Rounds of outgoing Israeli artillery rattle the edge of the war-afflicted Gaza Strip, where a kibbutz community grieves for residents killed in Hamas attacks who had rallied for peace with Palestinians.
The stench of death still pervades charred homes, littered with blood-soaked sofas, broken guitars and bullet-riddled appliances, more than a month after Kfar Aza in southern Israel was stormed by Palestinian gunmen.
The community faced one of the worst atrocities of October 7, when the lightning attack across southern Israel left 1,400 people dead, mainly civilians, according to Israeli officials.
Sixty-two of them were killed in Kfar Aza and 18 other kibbutz residents were abducted and believed to be held in Gaza, according to a toll provided by an Israeli military official during a media tour, one of many organised in recent weeks in the face of global criticism over mounting deaths in Gaza.
The Hamas-run health ministry says a ferocious Israeli military campaign has killed more than 10,000 people.
Among those killed in Kfar Aza were a handful of vociferous peaceniks, including Ofir Libstein, head of the regional council of Gaza border communities whose office said had died fighting Hamas gunmen.
Libstein had advocated an "economic peace" paradigm in hopes of resolving Israel's decades-long conflict with the Palestinians, his supporters told AFP.
"That vision was also killed here," said Israeli army Major Nir Boms during the tour, as he walked past a house with a poster bearing Libstein's photo.
- 'Cruel irony' -
People who knew Libstein and his work described a plan to build a shared industrial zone along the border that would provide jobs to thousands of Palestinians in Gaza -- an economic incentive to reject Hamas hardliners.
"Libstein strove to break the cycle of violence and hatred with kindness and humanity," Rabbi Nancy Myers from the California-based Temple Beth David told AFP by email.
The killing and abduction "of so many peaceful Israelis who lived on the border of Gaza will make it so much harder for there to be peaceful coexistence between Palestinians and Israelis", argued Myers.
Boms claimed Gazans who had received permits to work on farmlands in Israeli communities were involved in the planning of the October 7 attacks and provided intelligence to Hamas, the Islamist militant group that rules Gaza.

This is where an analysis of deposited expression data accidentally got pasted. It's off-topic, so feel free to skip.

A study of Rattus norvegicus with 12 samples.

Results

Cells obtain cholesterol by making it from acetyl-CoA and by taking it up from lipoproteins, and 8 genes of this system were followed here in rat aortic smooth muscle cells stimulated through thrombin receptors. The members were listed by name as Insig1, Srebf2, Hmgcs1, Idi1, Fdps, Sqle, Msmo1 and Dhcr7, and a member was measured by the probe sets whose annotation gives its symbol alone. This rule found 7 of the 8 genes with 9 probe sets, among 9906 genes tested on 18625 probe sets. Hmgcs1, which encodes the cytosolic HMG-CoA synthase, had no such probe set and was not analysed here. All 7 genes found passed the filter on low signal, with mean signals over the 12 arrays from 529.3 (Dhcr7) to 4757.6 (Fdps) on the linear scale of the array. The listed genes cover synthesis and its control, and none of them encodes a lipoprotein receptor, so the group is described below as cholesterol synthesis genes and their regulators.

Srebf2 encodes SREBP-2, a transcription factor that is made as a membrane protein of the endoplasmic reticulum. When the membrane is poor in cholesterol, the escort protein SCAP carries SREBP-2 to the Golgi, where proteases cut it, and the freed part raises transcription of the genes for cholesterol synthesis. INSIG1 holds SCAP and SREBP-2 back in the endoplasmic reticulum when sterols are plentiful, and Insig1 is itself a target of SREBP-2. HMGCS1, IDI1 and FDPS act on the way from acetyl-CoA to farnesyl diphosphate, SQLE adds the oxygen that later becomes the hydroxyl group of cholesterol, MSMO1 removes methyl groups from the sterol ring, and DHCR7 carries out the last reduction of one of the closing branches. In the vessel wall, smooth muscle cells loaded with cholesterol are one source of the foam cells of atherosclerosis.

"There is certainly a cruel irony about Ofir's fate given his vision for developing economic co-dependence," said Leon Goldsmith of the University of Otago in New Zealand.
Goldsmith said Libstein, whom he met in July during a academic workshop, spoke about his economic plans as they looked over the Erez crossing between the Gaza Strip and Israel, bombarded and shuttered since war broke out.
"Ofir and others in this region were well intentioned" and offered "a more constructive path relative to the extreme hardliners in the Israeli government", Goldsmith told AFP.
- 'Indiscriminate' -
During the media tour, organised by the Jerusalem Press Club and facilitated by the military, the group was hustled inside a bomb shelter as a siren indicated incoming fire.
An anguished military rabbi described his "holy mission" to gather the remnants of dismembered bodies to allow for dignified burials while volunteers cleaned up the rotting contents of refrigerators inside homes cleared of explosives.
As it faces mounting criticism over its unrelenting Gaza campaign, the Israelis have offered multiple tours of cordoned-off kibbutz communities to the international press.
"Israel is trying to highlight the indiscriminate nature of the attacks from Hamas -- that no one, irrespective of age, gender or ideology was immune -- and that what is happening now in Gaza is not without cause," Carmiel Arbit, a senior fellow at the Atlantic Council, told AFP.
Arbit said a "small yet unflappable community of Israelis who have dedicated their lives to finding peace" are often scrutinised by the Israeli mainstream for their precived "naivety".
Maayan, a 38-year-old whose parents were killed in the Kfar Aza attack, said the polarised "pro-Israeli" and "pro-Palestinian" debates had left her anguished.
"I am pro-peace," she told AFP, asking to be identified by first name only for privacy concerns.
"My parents would have said the same."